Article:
Today I would like to address some topics that are not usually visible in the disability world. Firstly, I will state the problem, express how these make me feel, and discuss solutions or final thoughts. Please note these views are my own.
As a background, I have had permanent rapid visual field loss over the last six months and currently have around 20-30 degrees of vision on my left side. The recovery has included adapting to my environment, having surgery, and returning to my full-time job after this. What I didn’t expect was the fatigue and sensory overload associated with this change. I hope that the following narrative makes it easier for those around me to understand and assist others in their own journey.
After my recent surgery, I was pleased and exhilarated to have some remaining functional vision. At the back of my mind was the fear of completely losing what I had left, which thankfully did not occur. As time went on, I discovered many more problematic tasks than six months ago. I have learned that I can still do all that I could, but I have needed to slow down and adapt to everyday activities. For example, reading a recipe, shopping, and cooking are achievable tasks, but they take more visual effort, energy, and planning.
One thing I did not expect was the effects of sensory overload. I had experienced this a little in crowds previously, where the movement of others made me feel nauseous. I have noticed more recently that everyday situations can cause a similar response. For example, a combination of everyday environmental factors can cause visual overstimulation. In other words, the combination of rush hour traffic movement, glare, and the noise becomes challenging to process simultaneously. As my visual field has narrowed, I have unexpectedly found my other senses, like my hearing, are more sensitive. For example, loud noises seem more irritating when I rely on hearing more than sight and easily distract me.
A side effect that I have noticed with less vision is a drop in my energy levels. This stems from the need to constantly use energy to compensate and interact with the world, which causes an underlying feeling of constant fatigue. For example, I wake refreshed, energetic and ready for the day, yet when I arrive at work, I am already drained from the visual concentration of my journey to work. Similarly, reading takes more attention and visual effort, which means working slower. There are tools to help with this, for example, screen readers and other equipment. However, along with the positive effect, each has its limitations. For example, magnification means things are easier to read. However, there is less on a page, and the reading fatigue is still there. Screen readers are great. However, this relies on software and hardware being accessible in a compatibility sense and cost and availability. One of the biggest lessons I have learned from navigating this is that living in a world that is not native (designed) for those with a disability but relies on a series of workarounds to achieve the same goal.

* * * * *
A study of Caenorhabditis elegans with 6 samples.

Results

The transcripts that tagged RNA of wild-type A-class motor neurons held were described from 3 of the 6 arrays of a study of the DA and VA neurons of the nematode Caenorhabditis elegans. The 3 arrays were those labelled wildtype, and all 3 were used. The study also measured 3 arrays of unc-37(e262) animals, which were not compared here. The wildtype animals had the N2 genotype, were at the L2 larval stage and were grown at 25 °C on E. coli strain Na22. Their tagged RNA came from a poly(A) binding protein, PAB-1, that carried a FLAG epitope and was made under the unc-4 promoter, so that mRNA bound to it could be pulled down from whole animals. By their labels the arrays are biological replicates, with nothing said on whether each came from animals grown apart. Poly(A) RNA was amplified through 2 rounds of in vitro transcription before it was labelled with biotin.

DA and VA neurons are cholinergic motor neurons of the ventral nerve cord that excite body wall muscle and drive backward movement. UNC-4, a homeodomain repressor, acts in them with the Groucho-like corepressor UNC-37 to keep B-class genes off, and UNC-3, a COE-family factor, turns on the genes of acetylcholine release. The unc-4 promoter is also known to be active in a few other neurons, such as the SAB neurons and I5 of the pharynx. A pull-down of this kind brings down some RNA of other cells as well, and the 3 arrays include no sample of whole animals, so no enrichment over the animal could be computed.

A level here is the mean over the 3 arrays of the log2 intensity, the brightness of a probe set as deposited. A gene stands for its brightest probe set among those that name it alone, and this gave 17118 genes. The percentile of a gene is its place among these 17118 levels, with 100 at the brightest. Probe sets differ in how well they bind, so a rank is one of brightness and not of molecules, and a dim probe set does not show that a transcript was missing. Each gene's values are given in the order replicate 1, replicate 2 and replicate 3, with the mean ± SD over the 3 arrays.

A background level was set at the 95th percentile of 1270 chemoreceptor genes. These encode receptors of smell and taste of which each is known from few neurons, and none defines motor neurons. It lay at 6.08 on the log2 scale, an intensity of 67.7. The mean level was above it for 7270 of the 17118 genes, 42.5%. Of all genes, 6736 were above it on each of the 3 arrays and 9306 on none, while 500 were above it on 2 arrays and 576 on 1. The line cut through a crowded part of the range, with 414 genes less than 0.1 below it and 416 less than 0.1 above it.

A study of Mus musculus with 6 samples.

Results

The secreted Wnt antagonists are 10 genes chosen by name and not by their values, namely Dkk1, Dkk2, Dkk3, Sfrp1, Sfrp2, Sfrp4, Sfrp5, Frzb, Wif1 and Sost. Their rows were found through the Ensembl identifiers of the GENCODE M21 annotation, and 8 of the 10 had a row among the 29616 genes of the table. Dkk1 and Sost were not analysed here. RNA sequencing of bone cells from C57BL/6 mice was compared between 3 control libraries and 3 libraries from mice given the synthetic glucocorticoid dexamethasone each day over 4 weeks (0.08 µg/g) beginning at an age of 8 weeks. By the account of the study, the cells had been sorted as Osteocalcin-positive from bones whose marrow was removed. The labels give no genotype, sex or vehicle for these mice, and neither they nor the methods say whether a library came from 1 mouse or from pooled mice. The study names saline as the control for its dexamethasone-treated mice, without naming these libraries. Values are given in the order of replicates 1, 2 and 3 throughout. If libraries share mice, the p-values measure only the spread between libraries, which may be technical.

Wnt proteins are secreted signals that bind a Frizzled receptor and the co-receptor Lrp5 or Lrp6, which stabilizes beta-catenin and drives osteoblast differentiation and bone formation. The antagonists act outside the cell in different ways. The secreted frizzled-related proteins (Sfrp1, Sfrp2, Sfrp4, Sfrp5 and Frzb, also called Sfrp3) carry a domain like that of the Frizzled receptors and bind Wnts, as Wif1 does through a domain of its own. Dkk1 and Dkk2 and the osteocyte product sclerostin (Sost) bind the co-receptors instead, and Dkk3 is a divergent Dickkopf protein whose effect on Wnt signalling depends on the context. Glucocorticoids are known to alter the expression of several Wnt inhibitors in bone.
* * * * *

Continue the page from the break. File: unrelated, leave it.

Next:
On a positive note, interacting with the world through workarounds can make one adaptable, resilient and adept at problem-solving. However, is moving through life via constant problem solving and “workarounds” to achieve a similar quality of life to others equitable or sustainable?
While writing this, I took a long pause here to reflect on equity from multiple perspectives. I kept circling back to equity regarding Te Tiri o Waitangi and the effect this has had on our society. While the cause of inequity may not be the same, there are some similarities in effect. Correspondingly, the solutions are treated as similar, but they are different. With this train of thought, I circled back to the fact we are trying to solve equity issues by treating them similarly, which I believe is not the most effective method.
I have concluded that when there are no acceptable workarounds, it is time to speak out about hidden challenges. Issues that I have strived to solve myself need to become known instead of invisible. While there may be no way to solve these immediately and may take some time and a path change, I believe this is worthwhile for those who follow.
I designed, built, and tested software several years ago as a concrete example of my learning. At the time, I thought it was good enough. Now I realise just how many things that I took for granted in that design make it more difficult for those with a disability to use, and I wish I had spent the time upfront to investigate rather than causing the need for workarounds later.
In answer to my heading – Is inclusion and equity a series of workarounds? For me at the moment, yes, I hope that in the future this will change.